14 April 2017 11:35:36 IST

Is your brand being hijacked in social media?

New customers, who may not even use a brand, are making life quite difficult for brands

I am a social media buff, if such a term exists. I gloat at the folly of politicians and gleefully share their antics online. When a brand mistreats me or any of my Facebook friends, I go to town, castigating it. I happily share bad news about customer service and ask my followers to be aware of the brand, never mind that I haven’t used the product or service.

Yes, I am the new, deteriorated customer who is making life quite difficult for brands and their owners. Sadly, as much as they detest or fear me, I cannot be wished away.

Fodder for online rants

And I have been having a field day over the last couple of weeks! The first piece of entertainment was provided by the boorish Shiv Sena MP Ravindra Gaikwad, who had the gall to proudly claim that he hit the Air India staffer no less than 25 times.

For once, I was in support of the airlines I have been critical of. When the videos of the Vietnamese passenger being bodily dragged hit my mobile screen a few days later, I hoped that the brazen MP would be overbooked on United Airlines.

Hardly had I recovered from these incidents that Kendall Jenner’s new ad for Pepsi was pulled off with an apology, as it was seen as a crass attempt to ride on a popular wave. The brand was slaughtered on social media, and United Airlines wasn’t spared either, with everyone and their brother- in-law giving their own version of what had actually transpired. This leads me to a few important observations.

Crises are here to stay

Unlike a Tylenol, which was a landmark crisis some of us still remember, today’s controversies seem to happen with a lot more frequency. Remember Maggi, Cadbury, Pepsi and Volkswagen?

The biggest reason for this is social media. This medium has the capability of turning millions of us citizens into journalists with our own following. Look at the number of videos on the internet of the passenger being dragged off by United Airlines personnel, to speak nothing of the spoofs and the jokes that it has spawned.

I may have never travelled by United Airlines — and most certainly won’t, in the near future — but I do have a point of view that I am airing, whether people want to listen to not.

Multiple perspectives

Everyone has their own perspective to the story. Today, the world is getting polarised, with many starting to believe that their view is the only one that matters. Contrary views are studiously shut out, even views people identify with are promoted and shared, truth be damned.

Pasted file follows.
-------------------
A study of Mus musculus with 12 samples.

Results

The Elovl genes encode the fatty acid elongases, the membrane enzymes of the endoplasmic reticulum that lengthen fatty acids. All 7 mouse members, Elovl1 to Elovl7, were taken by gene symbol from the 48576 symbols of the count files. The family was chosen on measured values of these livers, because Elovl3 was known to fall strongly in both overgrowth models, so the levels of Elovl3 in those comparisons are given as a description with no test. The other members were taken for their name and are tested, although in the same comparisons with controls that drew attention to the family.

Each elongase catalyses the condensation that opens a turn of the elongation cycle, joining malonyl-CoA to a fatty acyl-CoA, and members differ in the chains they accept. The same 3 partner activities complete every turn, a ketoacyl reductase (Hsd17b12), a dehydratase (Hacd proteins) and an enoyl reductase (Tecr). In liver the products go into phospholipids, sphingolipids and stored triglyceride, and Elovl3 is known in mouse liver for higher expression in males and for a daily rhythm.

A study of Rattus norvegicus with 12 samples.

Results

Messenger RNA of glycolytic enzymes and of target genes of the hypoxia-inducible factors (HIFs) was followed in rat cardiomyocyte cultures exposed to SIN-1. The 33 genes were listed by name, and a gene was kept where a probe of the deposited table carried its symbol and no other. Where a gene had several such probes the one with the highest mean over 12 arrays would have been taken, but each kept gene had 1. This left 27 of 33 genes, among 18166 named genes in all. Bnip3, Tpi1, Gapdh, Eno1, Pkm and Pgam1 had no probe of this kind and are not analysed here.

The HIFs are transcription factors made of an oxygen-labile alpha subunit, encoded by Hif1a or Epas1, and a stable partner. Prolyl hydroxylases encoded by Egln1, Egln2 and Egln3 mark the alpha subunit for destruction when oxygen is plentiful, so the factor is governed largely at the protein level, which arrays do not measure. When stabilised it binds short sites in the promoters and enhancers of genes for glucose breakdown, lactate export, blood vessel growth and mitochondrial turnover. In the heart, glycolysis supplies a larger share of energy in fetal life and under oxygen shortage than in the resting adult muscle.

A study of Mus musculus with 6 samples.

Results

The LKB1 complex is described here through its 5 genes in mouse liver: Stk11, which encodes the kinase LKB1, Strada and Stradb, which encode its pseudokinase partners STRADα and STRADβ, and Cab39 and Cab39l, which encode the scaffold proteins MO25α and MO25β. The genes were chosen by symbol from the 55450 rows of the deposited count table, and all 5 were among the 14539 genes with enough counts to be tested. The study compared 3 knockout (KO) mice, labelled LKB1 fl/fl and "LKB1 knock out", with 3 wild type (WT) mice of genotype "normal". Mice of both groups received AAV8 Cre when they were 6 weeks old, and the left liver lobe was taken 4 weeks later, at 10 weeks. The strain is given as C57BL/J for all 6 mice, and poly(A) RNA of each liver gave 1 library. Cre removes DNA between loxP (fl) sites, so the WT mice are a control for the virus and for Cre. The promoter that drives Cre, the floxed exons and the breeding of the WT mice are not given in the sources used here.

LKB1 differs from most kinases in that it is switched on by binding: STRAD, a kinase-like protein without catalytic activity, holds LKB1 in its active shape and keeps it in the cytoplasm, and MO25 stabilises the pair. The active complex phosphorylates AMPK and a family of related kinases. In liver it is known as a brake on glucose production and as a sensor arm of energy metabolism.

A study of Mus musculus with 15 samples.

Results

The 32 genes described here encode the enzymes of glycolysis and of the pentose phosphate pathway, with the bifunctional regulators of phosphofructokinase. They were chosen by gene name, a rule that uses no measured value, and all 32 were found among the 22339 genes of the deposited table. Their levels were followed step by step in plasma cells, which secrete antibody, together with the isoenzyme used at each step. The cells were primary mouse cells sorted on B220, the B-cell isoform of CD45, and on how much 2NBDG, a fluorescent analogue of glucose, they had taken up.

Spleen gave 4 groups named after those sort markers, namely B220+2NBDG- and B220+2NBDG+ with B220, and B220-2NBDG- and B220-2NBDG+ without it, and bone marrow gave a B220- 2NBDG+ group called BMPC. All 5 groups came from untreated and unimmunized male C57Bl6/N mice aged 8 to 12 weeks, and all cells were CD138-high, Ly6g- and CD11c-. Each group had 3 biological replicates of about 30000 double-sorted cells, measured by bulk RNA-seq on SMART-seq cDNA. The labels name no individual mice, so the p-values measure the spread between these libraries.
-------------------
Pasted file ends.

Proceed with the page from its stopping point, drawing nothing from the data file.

But that is the new reality, and brands better be aware of this. A typical example is how the United Airlines’ issue was turned into once of race. The passenger was identified as Chinese, and it spawned off a discussion on how Asians are being targeted and discriminated against.

Time is of the essence

It has been well documented that crisis need a speedy response from the custodians of the brand. One of the reasons Air India came out smelling roses in the Gaikwad episode was the firm manner in which the airline’s CMD, Ashwani Lohani stood up for his brand and employee.

Juxtapose this with the Maggi incident, that almost went out of business in India due to the tardiness of its response to the crisis, and you will understand that time is of the essence.

They may have been guilty of underestimating the seriousness of the threat and ended up with a horrible financial year.

Is your brand being hijacked?

All students of marketing are familiar with the launch and failure of the ‘new Coke’. “Why would anyone want to improve the real thing?” seething customers asked. Angry phone calls, letters and protests followed, forcing the brand to pull back the new product. The company then learnt a valuable lesson — that the brand actually belonged to customers, not to the giant headquartered in Atlanta.

Today, there is a twist to the tale as social media buffs, trolls and underemployed people, who may never be consumers of the brand, get into the act and harass brand owners. They can’t be wished away and yet can cause some serious damage to the brand.

Mind you, I have no sympathy for brands that treat consumers poorly. But as a customer, am I giving myself a lot more importance than is due? Probably, but I am here to stay and the earlier the brand managers realise my criticality, the better. Yes, it is no fun being a brand manager in today’s connected world.

So what’s trending today? Hope it’s not your brand for the wrong reasons!